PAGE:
Why don't developers care about warnings or code consistency?

Maybe I am just one of those oddball anal developers but I don't care for warnings in my code and I want all the code to be consistent. Consistent code makes it so much easier for another developer to start on a project. As we add more developers at work, and it could be that a number of them are straight out of college, we are getting a very lax attitude on programming.

When I first started here there were over 8,000 warnings in the code base I was assigned to work on. Over time I got that down to zero then turned on even more warnings in Eclipse until I was happy with how clean the code was and we have kept it at zero. New full time developers on the project have been told zero warnings are the normal and since there were zero warnings on the day they started what could they argue?

We have a standard set of warnings which is even easier to do now that Eclipse 3.6 is out and you can export that part of the workspace. I have a webpage with full screen shots of our warnings on the internal Wiki page. Takes a little time to set up but once you do you just keep in lock step with everyone else. If you start a project with no warnings then any warnings that appear are very obvious and usually very easy to fix. I did the hard work and cleaned them up, at least others could play nice and keep it that way. When there were piles of warnings they were easy to ignore, now there are not but people still seem to be able to ignore them.

The second piece of annoyance for the day is people who write new code and don't follow any of the patterns of the existing code. When we write a boolean to the server it is written as a string either "1" or "0". All of our code is i18n friendly but of course those two strings are not kept in a string table. We have a method to write a boolean value called sendBool(bool value) that writes the "1" or "0" as needed. So the developer does not use the helper method that is used by all the other messages but instead puts in the string with an if statement and does not flag the strings with  //$NON-NLS-1$ and thus the warnings.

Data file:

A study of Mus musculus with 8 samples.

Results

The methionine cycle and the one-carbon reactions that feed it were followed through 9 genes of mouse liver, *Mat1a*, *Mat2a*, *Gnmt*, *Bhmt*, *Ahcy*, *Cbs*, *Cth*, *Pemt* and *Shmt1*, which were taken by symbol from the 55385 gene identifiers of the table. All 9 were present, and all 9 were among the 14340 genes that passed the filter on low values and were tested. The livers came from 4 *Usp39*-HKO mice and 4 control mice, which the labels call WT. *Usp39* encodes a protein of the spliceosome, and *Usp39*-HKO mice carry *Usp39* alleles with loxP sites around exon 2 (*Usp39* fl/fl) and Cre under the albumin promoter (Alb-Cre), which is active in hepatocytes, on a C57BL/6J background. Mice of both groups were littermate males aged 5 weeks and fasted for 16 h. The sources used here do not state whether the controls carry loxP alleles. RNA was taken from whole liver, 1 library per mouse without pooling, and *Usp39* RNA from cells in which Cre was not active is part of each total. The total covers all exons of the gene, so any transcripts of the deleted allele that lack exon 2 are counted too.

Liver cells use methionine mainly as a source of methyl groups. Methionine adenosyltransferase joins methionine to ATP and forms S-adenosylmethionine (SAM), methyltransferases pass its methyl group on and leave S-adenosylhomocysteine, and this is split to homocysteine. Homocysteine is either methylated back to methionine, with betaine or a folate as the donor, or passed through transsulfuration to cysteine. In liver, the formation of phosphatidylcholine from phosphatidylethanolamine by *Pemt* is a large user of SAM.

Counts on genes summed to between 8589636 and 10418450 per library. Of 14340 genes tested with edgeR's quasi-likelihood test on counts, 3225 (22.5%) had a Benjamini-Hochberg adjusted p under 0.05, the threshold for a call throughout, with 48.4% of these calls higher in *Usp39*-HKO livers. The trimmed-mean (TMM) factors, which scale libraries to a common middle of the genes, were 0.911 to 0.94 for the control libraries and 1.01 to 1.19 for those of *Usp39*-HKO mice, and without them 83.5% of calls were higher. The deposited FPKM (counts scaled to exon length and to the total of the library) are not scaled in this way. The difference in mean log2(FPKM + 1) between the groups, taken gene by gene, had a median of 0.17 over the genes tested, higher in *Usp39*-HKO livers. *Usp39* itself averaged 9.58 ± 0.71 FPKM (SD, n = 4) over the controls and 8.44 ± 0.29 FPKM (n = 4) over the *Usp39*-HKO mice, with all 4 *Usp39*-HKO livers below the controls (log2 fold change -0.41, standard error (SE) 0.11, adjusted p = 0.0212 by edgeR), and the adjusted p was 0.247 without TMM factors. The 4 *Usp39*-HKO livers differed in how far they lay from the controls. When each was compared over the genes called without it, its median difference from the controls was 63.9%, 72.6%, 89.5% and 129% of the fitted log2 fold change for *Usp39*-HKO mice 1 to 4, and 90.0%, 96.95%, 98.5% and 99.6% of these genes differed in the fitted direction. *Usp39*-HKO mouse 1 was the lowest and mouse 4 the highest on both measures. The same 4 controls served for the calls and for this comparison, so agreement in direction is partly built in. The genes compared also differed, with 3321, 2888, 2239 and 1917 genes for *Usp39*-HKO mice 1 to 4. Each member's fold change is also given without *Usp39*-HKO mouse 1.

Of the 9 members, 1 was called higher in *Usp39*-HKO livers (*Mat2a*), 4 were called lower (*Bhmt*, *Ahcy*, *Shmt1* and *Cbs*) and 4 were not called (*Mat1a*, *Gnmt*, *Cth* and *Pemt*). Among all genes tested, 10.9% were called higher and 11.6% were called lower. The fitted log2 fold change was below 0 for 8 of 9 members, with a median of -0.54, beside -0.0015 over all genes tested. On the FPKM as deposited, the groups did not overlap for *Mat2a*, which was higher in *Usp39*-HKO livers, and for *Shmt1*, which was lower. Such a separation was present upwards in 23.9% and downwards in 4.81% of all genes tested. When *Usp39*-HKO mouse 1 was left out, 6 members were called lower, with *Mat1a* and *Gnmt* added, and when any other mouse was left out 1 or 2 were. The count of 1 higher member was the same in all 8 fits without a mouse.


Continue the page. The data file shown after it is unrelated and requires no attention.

Even after I sent a note about configuring Eclipse for the warnings and a code review stating you need to use the utility method all they did was use the comment to kill the warning. My code review was totally ignored. I know this is not the right thing to do but I just fixed the code myself. I still think there are other issues with the code that need to be raised so I will have to find a nice way to bring those up.

This has been repeating over and over as they add "casual" developers to the project. People that are not on the project full time but are "helping out" by changing a server message and the associated Java code. At this point they are not helping and for every one added to a project I go through the same steps over again even though I have sent out various development team wide emails on the issue. Easy to get ignored if your are not the architect or a manager I guess.

What is the stance on warnings in the code where you work?